Awesome 3000 returns to raise money for Salem schools

Salem’s largest fun run is back after raising $35,000 for local classrooms last year.

The Awesome 3000 and mascot Geo the Gator return to McCullough Stadium Saturday, April 27. More than 1,500 local kids have already signed up to participate.

“This really is a true community undertaking,” said Jodi Blackman, director of education and enrichment for United Way of the Mid-Willamette Valley, which puts on the run.

Races are open to everyone from toddlers to high school seniors, and participants sign up to run distances from 300 to 3,000 meters. Registration is open online. There’s also a unified race where students with developmental disabilities are paired with a running buddy.

The cost to put on the event is covered by sponsors, so the $35 registration fee per student goes to a grant fund for teachers at local schools.

As is tradition, all participants will get a t-shirt featuring Geo. This year’s design is drawn by Jolene Angelo, a sophomore in Salem-Keizer School District’s online EDGE program.

The 2024 Awesome 3000 t-shirt logo, designed by Salem-Keizer EDGE sophomore Jolene Angelo.

Proceeds from the 2023 race paid for projects and supplies at 29 district schools and programs. At Grant Elementary School, a grant paid for noise reduction headphones and weighted items to help students regulate their emotions and behavior. West Salem High School anatomy and physiology students took a field trip to Willamette University’s cadaver lab.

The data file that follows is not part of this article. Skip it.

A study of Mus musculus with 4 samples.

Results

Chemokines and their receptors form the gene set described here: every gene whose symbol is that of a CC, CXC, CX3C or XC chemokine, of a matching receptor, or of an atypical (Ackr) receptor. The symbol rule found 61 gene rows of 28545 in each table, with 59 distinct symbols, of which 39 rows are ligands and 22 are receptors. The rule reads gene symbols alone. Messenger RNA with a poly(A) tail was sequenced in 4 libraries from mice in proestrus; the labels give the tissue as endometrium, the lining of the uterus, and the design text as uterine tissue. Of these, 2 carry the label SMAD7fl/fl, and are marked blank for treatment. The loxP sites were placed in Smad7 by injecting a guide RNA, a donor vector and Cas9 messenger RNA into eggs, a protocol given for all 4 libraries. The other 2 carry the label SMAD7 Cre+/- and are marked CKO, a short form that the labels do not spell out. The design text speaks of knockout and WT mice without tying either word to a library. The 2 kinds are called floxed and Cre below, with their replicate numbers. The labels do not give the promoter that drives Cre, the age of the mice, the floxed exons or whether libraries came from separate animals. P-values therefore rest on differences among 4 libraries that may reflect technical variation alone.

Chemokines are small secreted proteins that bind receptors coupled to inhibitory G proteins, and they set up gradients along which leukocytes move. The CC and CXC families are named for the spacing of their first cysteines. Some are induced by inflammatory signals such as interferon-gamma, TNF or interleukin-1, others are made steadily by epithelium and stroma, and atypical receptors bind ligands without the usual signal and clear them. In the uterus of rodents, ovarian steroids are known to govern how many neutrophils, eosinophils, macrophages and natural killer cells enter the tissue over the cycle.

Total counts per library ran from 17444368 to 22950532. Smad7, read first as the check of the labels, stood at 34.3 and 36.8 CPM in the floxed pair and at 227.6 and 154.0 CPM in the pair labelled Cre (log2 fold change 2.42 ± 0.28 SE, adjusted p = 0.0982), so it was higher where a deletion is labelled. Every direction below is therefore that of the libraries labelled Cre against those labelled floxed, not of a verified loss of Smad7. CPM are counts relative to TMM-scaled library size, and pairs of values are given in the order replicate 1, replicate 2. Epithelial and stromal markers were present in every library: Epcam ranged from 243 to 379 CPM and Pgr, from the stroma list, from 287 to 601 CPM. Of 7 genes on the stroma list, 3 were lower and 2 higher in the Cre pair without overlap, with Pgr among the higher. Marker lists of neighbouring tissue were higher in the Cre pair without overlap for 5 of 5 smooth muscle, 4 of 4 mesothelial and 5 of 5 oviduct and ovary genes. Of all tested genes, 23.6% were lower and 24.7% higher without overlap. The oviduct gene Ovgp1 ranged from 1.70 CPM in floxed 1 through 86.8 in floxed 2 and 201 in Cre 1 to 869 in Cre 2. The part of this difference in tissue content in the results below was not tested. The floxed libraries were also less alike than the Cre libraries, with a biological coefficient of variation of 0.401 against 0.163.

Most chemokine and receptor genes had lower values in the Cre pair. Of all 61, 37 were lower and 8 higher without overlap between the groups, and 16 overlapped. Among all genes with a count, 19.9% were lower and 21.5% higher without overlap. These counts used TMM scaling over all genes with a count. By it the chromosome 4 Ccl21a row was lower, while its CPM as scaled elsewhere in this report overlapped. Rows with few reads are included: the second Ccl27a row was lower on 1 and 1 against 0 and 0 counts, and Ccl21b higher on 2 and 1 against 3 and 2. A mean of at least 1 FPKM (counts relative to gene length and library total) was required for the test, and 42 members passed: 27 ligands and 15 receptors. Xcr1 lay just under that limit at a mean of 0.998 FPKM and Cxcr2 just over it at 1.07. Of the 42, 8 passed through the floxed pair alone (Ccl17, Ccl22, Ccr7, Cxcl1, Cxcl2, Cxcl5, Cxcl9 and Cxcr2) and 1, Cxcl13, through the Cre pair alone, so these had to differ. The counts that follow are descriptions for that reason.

“We just basically spent the year funding things. It was great,” Blackman said.

It’s the second year United Way has put on the race — a Salem fixture since 1983.

It was previously a fundraiser for the Salem-Keizer Education Foundation, which closed its doors in 2020 after pandemic closures exacerbated financial challenges. 

The race was held online in 2020 and didn’t take place in 2021 or 2022 as Salem nonprofit regrouped and worked to absorb some of the education foundation’s former programs.

Blackman is happy to see both registrations and volunteer sign ups are trending higher than last year. They have about 220 volunteers signed up, out of about 400 needed to put on the event. Sign ups are open online here. Some schools and other groups have dedicated volunteer teams.

Blackman said she’s excited to be able to support local schools with more grants. United Way is exploring partnering with other local groups that give grants to teachers so educators don’t have to fill out more paperwork to get money for their classrooms.

“It’s really the most fun I have in my job,” Blackman said.

Contact reporter Rachel Alexander: [email protected] or 503-575-1241.